IN THE TANK – CLIMATE “CONTRARIANS” BLACKLISTED?
5 hours ago
"Monaco's Prince Albert II and his South African wife Princess Charlene have announced they are expecting their first child.The Daily Mail's take
In a short statement, the couple - who married in July 2011 - expressed their "immense joy" at the news.
The statement said the birth was expected before the end of the year, but gave no further details."
The federal government cut CSIRO’s funding by $111 million over four years, which will result in 500 job cuts dddt the nation’s peak scientific organisation....
The directions statement, marked commercial-in-confidence, says as research and development in unconventional gas – such as coal seam and shale gas – has the potential to ‘‘create significant value for our nation’’ CSIRO will increase research in the area. It will also implement its new mining strategy focusing on activities ‘‘that help to significantly enhance the productivity of this vital sector’’.But in low emissions energy technologies the statement says: ‘‘To adjust to the more difficult operating environment, we will stop our geothermal work and reduce other activities, especially in CO2 capture and efficient energy management.’’
|Hot single world class tennis player seeks partner for revenge doubles|
" The combined average temperature over global land and ocean surfaces for April 2014 tied with 2010 as the highest on record for the month, at 0.77°C (1.39°F) above the 20th century average of 13.7°C (56.7°F). "So I'm thinking that even if the El Niño ends up being a normal-sized one (as some are now forecasting), not a super-sized one (as some had previously forecast), any extra heat it contributes will be added to what is already shaping up to be a near-record or record year. So that, I would think, would insure a true hottest year ever. And we need that to happen (more on that later). Meanwhile, California and the desert Southwest needs El Niño for the rain and snow that is desperately needed.
“The Qatar technical report indicated clearly that it is too hot in summer, but the executive committee with quite a big majority decided all the same that the tournament would be in Qatar,” he added.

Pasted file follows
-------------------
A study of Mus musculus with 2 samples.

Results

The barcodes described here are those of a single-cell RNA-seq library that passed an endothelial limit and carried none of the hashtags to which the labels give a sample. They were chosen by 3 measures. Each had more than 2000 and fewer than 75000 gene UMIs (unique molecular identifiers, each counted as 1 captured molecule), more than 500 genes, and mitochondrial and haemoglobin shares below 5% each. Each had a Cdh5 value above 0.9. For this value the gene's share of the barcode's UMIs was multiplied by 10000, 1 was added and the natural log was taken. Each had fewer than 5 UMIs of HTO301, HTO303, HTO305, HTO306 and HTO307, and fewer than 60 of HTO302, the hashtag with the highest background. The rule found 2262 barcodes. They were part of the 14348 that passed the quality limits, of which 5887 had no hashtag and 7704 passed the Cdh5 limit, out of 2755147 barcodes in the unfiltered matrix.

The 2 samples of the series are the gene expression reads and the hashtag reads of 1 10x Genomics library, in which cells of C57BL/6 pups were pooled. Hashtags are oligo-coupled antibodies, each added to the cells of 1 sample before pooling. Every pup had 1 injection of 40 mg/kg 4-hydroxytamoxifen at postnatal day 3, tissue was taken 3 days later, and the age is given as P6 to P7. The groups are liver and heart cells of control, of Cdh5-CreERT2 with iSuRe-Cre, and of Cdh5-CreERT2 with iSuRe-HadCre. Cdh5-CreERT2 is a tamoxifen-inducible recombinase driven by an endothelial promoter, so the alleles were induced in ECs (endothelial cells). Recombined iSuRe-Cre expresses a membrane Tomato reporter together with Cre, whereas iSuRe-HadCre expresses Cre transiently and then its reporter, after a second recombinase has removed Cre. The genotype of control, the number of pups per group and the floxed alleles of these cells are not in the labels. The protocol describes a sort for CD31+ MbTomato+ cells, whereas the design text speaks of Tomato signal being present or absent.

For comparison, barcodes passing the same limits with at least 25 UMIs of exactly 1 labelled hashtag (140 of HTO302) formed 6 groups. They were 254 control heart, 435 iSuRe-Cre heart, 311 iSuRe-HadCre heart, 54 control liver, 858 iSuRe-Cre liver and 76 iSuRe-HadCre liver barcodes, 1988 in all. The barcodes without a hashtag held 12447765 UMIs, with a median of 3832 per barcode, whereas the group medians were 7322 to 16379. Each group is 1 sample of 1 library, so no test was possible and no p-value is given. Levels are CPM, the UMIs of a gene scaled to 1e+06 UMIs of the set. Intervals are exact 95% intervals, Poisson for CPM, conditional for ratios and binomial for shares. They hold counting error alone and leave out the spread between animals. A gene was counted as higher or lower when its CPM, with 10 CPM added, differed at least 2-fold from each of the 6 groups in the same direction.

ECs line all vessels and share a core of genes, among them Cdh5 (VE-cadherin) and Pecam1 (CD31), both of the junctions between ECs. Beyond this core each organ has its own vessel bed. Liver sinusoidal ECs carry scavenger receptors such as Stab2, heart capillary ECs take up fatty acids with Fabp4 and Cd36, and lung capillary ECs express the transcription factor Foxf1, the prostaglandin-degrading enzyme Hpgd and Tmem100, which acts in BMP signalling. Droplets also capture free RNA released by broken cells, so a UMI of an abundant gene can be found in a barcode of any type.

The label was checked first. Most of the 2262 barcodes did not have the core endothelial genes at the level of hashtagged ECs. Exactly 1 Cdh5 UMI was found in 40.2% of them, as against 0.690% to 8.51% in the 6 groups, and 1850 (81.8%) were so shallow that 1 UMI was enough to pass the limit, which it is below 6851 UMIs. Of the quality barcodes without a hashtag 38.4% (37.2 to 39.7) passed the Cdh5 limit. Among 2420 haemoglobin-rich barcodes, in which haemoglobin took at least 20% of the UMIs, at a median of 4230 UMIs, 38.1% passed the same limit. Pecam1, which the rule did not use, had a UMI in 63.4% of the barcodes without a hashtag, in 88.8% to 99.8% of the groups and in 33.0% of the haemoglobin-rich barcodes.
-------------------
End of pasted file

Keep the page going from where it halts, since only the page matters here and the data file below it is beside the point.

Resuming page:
Asked whether the World Cup was likely to be held in the European winter, the 78-year-old replied: “It’s probable, yes. In fact, it’s more than probable.”
But if Rubio doesn’t believe the scientists, perhaps he might believe . . . himself. As the Miami Herald recounted, “As the leader of the Florida House in 2008, Rubio presided over a unanimous vote in favor of directing the state Department of Environmental Protection to develop ground rules for companies to limit their carbon emissions.” The following year, Rubio described a cap-and-trade system as “inevitable” and pronounced himself “in favor of giving the Department of Environmental Protection a mandate that they go out and design a cap-and-trade or a carbon tax program.”GOT THAT RIGHT, MARCO!!
According to the Herald, Rubio “hired a leading climate change expert” — eek, a scientist! — “from the Massachusetts Institute of Technology to advise lawmakers.”
Rubio claimed the following year that he was actually engineering a plan to stop cap-and-trade, but that was hardly a credible explanation for a convenient flip-flop as he ran in the Republican primary against then-Gov. Charlie Crist, a cap-and-trade advocate.
Since then, Rubio has moved from disclaiming scientific expertise to deriding it. “I’m not a scientist. I’m not qualified to make that decision,” Rubio told the Herald in December 2009 when asked whether climate change was the result of human activity. Climate change, by the way, isn’t the only issue on which Rubio punted to scientists: When GQ asked in 2012 how old the Earth is, Rubio demurred, “I’m not a scientist, man.”
"Maryland’s oyster population has more than doubled since 2010 due to high oyster survival over the past few years and strong reproduction in the Chesapeake Bay, according to the state’s 2013 fall oyster survey. The survey released by the Maryland Department of Natural Resources said the oyster population is at its highest point since this type of monitoring began in 1985."